Driven: Vauxhall Astra GTC
by Eric Gallina    06 Dec 2011
Interior architecture is identical to the five-door Astra hatchback. Click for larger images
Cabin space is confortable, though large A-pillars impede visibility
The Vauhall GTC offers a plethora of different wheel sizes, growing to 20-inches in diameter (right)
Massive C-pillar and sallow backlight impedes rearward visibility (left); Astra GTC displays high levels of perceived quality (right)
Out on the road, the large central screen relays a multitude of information including navigation options
Bodyside 'blade' motif is repeated in head- and taillamps (left), and also reappears in the interior (right)
As with the five-door, GTC features a multitude of storage compartments, while electonic parking brake frees up space in the center console
Photos: Eric Gallina

To that end, Dyson worked on making the positive and negative shapes in the surfaces look organic, maximizing tension though the flanks and in the shoulderline to convey a greater sense of dynamism, which is also apparent in the upwards sweeping beltline. "Sometimes the simplest solution is the most iconic," says Dyson.

Uncluttered dials feature an elegant typeface and red ambient lighting
IP and central stack are shared with five-door counterpart
Binnacle compromises of four clean dials and a central OBC
Borrowed from the five-door, the Astra GTC's audio and HVAC controls have a good tacile feel, elevating perceived quality
Engineers devised a way to make the rear spoiler as a single piece rather than two as initially designed

The definitive Opel/Vauxhall side blade graphic - consisting of defining lines that intersect above the rocker - was also employed to break up the bodyside surfaces and hold the car together visually. This featureline is reversed on the GTC and mimics that of the Insignia. Combined with large fender flares, the GTC's wheelarches are also as big as those found on the larger model, which enabled designers to house larger wheels than on the Astra five-door. Wheels can now be ordered up to 20-inches in diameter, further enhancing the car's stance.

The rear end design is another clear visual differentiator, with slim horizontal taillamps maximizing the width of the vehicle, a sculpted surface treatment and a darker diffuser-like rear panel under the bumper to detract from its visual weight. All of these elements combine to make the car look dynamic and planted on the road, while a subtle spoiler lip contributes to the GTC's 0.33 Cd figure. "We worked hard on the aerodynamics, and keeping it lightweight," Dyson said.

Intersecting lines coming off rear quarter and around to the back of the car and a backlight graphic that runs into the corners are also key elements that define the GTC. They also speak to the overall cohesiveness of the design. "The rear is my favorite aspect," Dyson admitted.

The interior design is identical to that of the five-door Astra; the only changes are the longer door panels, the rake of the A-pillars and the DLO height. Unfortunately visibility out of the vehicle is impeded by the large A-pillars, shallow backlight and the rising beltline, which tapers the DLO at the massive C-pillar. But these are small prices to pay for what is overall a very user-friendly interior with high levels of perceived quality and tactile controls that have already proven their worth in the five-door hatch. New materials, colors and leather can also be specified, and a six-way adjustable driver's seat is also on offer.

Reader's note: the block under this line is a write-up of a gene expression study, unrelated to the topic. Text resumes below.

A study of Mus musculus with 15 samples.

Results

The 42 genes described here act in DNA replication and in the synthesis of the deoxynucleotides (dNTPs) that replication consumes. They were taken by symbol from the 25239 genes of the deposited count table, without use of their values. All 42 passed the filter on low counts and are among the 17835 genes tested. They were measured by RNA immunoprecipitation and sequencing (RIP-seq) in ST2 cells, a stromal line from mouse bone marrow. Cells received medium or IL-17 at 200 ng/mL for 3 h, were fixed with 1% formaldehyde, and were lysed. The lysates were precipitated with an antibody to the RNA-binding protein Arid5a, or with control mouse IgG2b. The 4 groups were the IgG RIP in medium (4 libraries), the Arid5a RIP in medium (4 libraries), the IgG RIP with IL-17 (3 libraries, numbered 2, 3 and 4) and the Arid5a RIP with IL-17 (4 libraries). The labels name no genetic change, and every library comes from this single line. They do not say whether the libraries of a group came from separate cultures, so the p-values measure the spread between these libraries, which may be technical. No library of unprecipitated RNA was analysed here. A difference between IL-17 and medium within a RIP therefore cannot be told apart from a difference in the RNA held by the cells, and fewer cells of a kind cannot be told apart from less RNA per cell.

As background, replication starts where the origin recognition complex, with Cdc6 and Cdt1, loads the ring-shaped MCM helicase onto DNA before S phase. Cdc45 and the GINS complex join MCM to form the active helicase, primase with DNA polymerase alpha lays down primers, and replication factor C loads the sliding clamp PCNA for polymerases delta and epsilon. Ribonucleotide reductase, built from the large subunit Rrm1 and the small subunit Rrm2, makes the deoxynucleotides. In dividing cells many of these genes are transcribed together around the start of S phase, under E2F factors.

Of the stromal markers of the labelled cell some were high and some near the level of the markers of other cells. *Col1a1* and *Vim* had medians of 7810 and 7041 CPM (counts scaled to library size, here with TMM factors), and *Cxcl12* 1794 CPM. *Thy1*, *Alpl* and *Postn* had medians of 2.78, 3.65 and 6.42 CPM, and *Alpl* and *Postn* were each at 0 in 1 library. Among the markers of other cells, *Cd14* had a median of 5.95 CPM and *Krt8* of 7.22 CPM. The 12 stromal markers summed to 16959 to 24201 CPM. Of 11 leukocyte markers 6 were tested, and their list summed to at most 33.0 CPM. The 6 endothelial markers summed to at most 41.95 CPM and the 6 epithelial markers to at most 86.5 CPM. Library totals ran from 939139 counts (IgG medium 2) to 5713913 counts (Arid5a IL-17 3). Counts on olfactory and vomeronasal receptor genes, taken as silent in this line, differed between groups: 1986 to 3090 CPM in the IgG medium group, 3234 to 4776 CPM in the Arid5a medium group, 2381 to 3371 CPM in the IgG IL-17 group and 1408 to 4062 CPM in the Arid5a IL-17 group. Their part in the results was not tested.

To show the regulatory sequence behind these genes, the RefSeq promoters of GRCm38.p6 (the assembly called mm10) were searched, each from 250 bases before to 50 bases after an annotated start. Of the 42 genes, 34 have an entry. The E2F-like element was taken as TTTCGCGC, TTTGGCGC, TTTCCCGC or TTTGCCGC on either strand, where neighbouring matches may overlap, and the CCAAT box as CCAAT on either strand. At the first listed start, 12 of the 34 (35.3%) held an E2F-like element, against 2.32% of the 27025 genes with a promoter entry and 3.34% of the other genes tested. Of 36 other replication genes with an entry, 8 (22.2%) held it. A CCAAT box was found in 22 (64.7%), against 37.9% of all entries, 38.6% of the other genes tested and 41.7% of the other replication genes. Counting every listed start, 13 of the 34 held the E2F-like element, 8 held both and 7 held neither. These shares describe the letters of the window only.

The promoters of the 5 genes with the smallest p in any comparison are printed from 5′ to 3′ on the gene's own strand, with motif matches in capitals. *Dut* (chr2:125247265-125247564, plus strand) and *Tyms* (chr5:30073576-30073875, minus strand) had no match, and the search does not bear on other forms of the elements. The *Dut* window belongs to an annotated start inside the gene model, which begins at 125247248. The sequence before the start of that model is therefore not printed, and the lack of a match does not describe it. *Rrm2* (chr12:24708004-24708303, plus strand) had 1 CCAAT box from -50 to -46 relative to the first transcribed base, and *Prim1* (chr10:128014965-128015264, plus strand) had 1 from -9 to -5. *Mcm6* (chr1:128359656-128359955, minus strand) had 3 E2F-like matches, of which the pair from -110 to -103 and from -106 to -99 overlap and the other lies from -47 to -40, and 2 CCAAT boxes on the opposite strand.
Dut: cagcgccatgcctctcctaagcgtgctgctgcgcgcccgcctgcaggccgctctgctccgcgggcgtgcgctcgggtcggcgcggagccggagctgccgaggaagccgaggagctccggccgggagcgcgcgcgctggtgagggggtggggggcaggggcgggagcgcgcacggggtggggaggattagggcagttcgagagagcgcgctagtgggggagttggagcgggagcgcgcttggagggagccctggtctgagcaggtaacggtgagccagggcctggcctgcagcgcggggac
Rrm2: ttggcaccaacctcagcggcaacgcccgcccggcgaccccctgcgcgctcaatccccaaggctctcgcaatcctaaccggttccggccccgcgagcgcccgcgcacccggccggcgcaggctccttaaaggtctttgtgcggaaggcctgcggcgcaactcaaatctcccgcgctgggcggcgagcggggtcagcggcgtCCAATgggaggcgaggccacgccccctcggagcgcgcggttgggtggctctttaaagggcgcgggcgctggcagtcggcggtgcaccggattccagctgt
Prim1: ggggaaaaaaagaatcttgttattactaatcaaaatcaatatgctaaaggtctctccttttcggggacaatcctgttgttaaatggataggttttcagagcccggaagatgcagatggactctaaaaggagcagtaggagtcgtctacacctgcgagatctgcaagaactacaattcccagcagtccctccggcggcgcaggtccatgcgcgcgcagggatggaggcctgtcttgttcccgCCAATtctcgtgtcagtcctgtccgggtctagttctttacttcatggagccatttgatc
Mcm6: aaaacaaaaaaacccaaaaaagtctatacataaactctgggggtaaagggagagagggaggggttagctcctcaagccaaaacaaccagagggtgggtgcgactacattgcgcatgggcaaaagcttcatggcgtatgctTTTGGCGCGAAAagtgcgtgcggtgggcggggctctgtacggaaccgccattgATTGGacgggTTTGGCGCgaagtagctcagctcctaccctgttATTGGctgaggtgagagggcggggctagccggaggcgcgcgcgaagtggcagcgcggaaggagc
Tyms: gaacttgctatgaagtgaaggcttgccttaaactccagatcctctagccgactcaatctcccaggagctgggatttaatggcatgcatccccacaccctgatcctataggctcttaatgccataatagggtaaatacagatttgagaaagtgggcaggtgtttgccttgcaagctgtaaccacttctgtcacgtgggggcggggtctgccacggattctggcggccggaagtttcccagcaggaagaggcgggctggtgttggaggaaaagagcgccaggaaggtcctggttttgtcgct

The GTC also has the most voluminous luggage compartment in the segment, with a luggage capacity that extends to 1165 liters with the rear seatbacks folded - nearly 160 liters larger than that of the Scirocco. Ingress and egress from the rear cabin is also a less tortuous affair, but we wouldn't want to be there for long journeys.

The UK is the Astra's biggest market, and with the GTC expected to account for nearly 40 percent of sales the engineering to hone the car's chassis and suspension components took place at Vauxhall's engineering headquarters in Millbrook, under the direction of chief dynamicist Gerry Baker and engineering group manager Peter Stoker. With the suspension tuning optimized for the UK's demanding and challenging roads we don't doubt its formidable effectiveness in other European markets.

Dyson spoke about sidestepping the engineering battles that normally ensue following the desire to achieve taut lines paired with sportier driving dynamics: "They went out of their way to create elements that would be functional but also good for design," Dyson said. "The spoiler at the rear is made as a single piece rather than two as initially designed, that shows the dedication of the engineering team."

The GTC is a car that will most certainly live up to sales expectations: it surpasses the competition in terms of style and practicality all at a more affordable price point. And with Ford's stable currently devoid of a three-door Focus, the GTC has even less competition to contend with. Just as its five-door sibling, the GTC is an attractive offering in a highly competitive segment, and one that has design, craftsmanship and quality in its corner.